Under the Hood

How To Discipline A Child: Compromising, Reasoning, And Timeouts Help Promote Better Behavior

timeout
While positive parenting tactics, such as compromise, work well in many cases, timeouts are more effective once a child has become defiant. Austin Kirk, CC by 2.0

Without a doubt, parenting is the most important job on earth, yet it's also the most difficult. Unfortunately, books and articles on the subject of raising a child offer conflicting advice. While positive parenting tactics work well in many cases, a new study finds timeouts and other punishments to be more effective over time for children who have become defiant or violent.

“By investigating how the effectiveness of disciplinary responses vary by the type of noncompliance in toddlers, this study showed how to reconcile the contradictory recommendations of positive parenting and behavioral parent training with each other,” wrote Dr. Robert Larzelere, a professor at Oklahoma State University, and Sada Knowles, a doctoral student, in their new study.

To understand what strategies works best, Larzelere said Knowles interviewed 102 mothers who completed a series of questionnaires and also provided detailed descriptions of five times they had to discipline their toddlers for hitting, whining, defiance, or not listening. The mothers' average age was just over 30 years old, while their toddlers, 65 boys and 40 girls, ranged in age from 17.2 months to 30.8 months. More than three quarters of the mothers were married, and more than half had either a bachelor’s degree (30.5 percent) or some post-graduate education (29.5 percent). 

After analyzing the mothers' answers, the research team discovered the most effective disciplining tactic depended, in part, on a child’s behavior and also the time-frame involved.

Short-term vs. Long-term

Hands down, offering compromises was the most effective tactic for an immediate improvement in a child’s behavior, no matter how the child was misbehaving. The next most effective discipline tactic was reasoning with a child in cases of mildly annoying behaviors, such as whining, yet it was not effective when used with defiant or hitting children. In such cases, stronger punishments, such as timeouts or taking something away, changed a child’s bad behavior more than reasoning. That said, these same harsher punishments did not work at all on a whining child.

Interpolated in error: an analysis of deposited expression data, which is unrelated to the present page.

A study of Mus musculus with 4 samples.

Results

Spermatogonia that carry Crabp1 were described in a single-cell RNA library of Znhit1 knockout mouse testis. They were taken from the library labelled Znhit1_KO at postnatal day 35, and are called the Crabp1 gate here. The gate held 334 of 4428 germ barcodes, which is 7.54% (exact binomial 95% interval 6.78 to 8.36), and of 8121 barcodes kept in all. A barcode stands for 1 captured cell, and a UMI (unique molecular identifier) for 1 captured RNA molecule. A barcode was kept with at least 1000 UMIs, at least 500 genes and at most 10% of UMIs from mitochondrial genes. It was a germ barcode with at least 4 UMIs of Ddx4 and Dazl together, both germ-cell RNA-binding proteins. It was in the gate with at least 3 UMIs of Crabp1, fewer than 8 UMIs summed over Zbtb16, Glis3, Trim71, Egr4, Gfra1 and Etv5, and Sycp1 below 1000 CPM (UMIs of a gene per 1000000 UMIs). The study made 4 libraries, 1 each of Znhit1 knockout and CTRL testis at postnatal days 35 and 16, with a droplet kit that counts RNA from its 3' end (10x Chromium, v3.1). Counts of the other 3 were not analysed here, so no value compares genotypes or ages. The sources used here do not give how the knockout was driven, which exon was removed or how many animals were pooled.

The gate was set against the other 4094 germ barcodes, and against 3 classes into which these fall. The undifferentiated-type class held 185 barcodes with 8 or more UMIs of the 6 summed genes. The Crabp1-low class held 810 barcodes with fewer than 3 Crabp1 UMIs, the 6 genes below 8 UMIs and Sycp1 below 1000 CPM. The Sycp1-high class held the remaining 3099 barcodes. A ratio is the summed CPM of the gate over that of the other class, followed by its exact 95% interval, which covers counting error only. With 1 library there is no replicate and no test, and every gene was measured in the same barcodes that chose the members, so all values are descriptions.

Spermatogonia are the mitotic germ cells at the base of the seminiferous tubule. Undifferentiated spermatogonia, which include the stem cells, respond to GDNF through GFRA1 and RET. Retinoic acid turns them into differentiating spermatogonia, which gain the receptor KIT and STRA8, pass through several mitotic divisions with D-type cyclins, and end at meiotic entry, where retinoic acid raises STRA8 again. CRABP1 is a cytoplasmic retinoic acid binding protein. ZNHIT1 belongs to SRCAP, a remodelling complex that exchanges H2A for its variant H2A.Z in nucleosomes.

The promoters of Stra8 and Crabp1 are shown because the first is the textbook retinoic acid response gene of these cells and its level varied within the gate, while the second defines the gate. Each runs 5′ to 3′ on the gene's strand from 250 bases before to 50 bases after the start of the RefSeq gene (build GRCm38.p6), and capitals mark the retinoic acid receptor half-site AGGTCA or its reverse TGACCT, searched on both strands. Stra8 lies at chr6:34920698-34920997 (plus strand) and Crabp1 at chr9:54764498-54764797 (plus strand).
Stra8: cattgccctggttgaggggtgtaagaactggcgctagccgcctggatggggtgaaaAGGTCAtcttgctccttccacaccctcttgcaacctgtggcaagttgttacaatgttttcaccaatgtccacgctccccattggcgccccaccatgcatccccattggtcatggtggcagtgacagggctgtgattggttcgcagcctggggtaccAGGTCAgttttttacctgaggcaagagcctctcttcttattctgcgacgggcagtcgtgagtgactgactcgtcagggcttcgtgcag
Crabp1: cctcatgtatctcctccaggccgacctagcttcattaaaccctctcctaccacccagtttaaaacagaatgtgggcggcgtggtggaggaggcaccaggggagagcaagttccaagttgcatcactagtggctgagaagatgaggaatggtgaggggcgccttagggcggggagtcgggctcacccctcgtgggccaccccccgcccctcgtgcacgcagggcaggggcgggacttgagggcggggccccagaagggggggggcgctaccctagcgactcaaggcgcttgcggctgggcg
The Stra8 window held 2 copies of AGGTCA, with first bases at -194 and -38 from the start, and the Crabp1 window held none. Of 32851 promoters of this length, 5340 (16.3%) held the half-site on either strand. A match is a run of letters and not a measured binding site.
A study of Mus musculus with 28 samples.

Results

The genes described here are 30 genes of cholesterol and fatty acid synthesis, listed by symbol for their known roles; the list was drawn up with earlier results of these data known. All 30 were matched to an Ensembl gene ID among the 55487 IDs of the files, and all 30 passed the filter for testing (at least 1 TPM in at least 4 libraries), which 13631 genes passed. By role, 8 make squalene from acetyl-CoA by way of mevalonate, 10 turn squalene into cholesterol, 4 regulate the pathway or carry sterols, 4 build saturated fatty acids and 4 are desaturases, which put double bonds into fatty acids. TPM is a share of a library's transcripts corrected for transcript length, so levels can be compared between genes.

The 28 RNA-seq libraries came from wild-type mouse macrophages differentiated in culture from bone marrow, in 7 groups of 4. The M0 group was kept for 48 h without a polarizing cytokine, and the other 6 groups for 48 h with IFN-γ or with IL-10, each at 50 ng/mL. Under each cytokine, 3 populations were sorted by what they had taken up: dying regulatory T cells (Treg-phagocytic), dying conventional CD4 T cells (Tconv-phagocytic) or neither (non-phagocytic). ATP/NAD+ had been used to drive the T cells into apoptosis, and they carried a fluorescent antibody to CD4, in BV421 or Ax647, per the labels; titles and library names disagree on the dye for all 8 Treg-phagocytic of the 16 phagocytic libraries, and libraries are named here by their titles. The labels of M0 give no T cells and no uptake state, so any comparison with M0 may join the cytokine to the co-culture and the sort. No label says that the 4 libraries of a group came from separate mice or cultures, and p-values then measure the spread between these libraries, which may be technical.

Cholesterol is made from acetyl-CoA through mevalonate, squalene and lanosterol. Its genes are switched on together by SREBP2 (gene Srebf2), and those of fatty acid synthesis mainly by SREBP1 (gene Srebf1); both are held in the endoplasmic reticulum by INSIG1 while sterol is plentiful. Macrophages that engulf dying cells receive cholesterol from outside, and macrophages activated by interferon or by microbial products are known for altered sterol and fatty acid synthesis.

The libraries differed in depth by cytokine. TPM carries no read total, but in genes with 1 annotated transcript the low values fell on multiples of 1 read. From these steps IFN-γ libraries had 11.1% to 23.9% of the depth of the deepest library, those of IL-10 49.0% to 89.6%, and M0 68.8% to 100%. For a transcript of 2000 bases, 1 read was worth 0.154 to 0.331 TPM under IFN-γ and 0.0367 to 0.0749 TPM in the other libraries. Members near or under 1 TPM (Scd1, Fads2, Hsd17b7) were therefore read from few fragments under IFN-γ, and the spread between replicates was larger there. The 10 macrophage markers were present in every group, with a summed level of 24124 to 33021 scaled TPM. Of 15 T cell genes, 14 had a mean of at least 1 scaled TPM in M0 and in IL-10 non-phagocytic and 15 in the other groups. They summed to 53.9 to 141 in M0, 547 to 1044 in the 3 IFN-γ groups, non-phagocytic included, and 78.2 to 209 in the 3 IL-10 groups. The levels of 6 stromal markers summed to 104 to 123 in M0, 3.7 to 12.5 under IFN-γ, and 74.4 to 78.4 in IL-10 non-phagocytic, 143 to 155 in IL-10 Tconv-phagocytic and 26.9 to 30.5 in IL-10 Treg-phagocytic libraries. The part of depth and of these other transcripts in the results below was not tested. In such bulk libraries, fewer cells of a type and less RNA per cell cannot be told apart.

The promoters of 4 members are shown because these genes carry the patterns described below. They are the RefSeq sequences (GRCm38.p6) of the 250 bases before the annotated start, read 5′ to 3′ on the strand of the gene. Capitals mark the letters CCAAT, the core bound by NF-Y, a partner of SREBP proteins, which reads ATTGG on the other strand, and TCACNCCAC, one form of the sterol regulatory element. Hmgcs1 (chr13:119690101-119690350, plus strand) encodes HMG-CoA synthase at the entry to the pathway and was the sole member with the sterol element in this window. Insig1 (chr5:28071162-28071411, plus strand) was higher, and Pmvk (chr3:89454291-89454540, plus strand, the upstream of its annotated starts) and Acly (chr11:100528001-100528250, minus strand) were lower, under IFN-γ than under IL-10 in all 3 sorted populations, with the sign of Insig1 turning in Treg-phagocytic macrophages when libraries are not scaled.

However, a radically different pattern emerged over the longer-term. Mothers who offered compromises too frequently when dealing with a defiant or violent child began to encounter more, not less, bad behavior. Reasoning was most effective over a longer time span with these children, even though it was less effective immediately. Strong punishments (such as timeouts) reduced behavior problems in the most oppositional toddlers, but only if used less than 16 percent of the time.

“Parents need the full range of nonabusive disciplinary responses, although power assertive responses are less necessary for the most cooperative children,” stated Larzelere and Knowles in their conclusion. Ultimately, they say, parents need to trust themselves to choose the right discipline tactic at the right time.

Source: Larzelere R, Knowles S. Toddlers Need Both Positive Parenting and Consistent Consequences From Mothers. American Psychological Association Convention. 2015.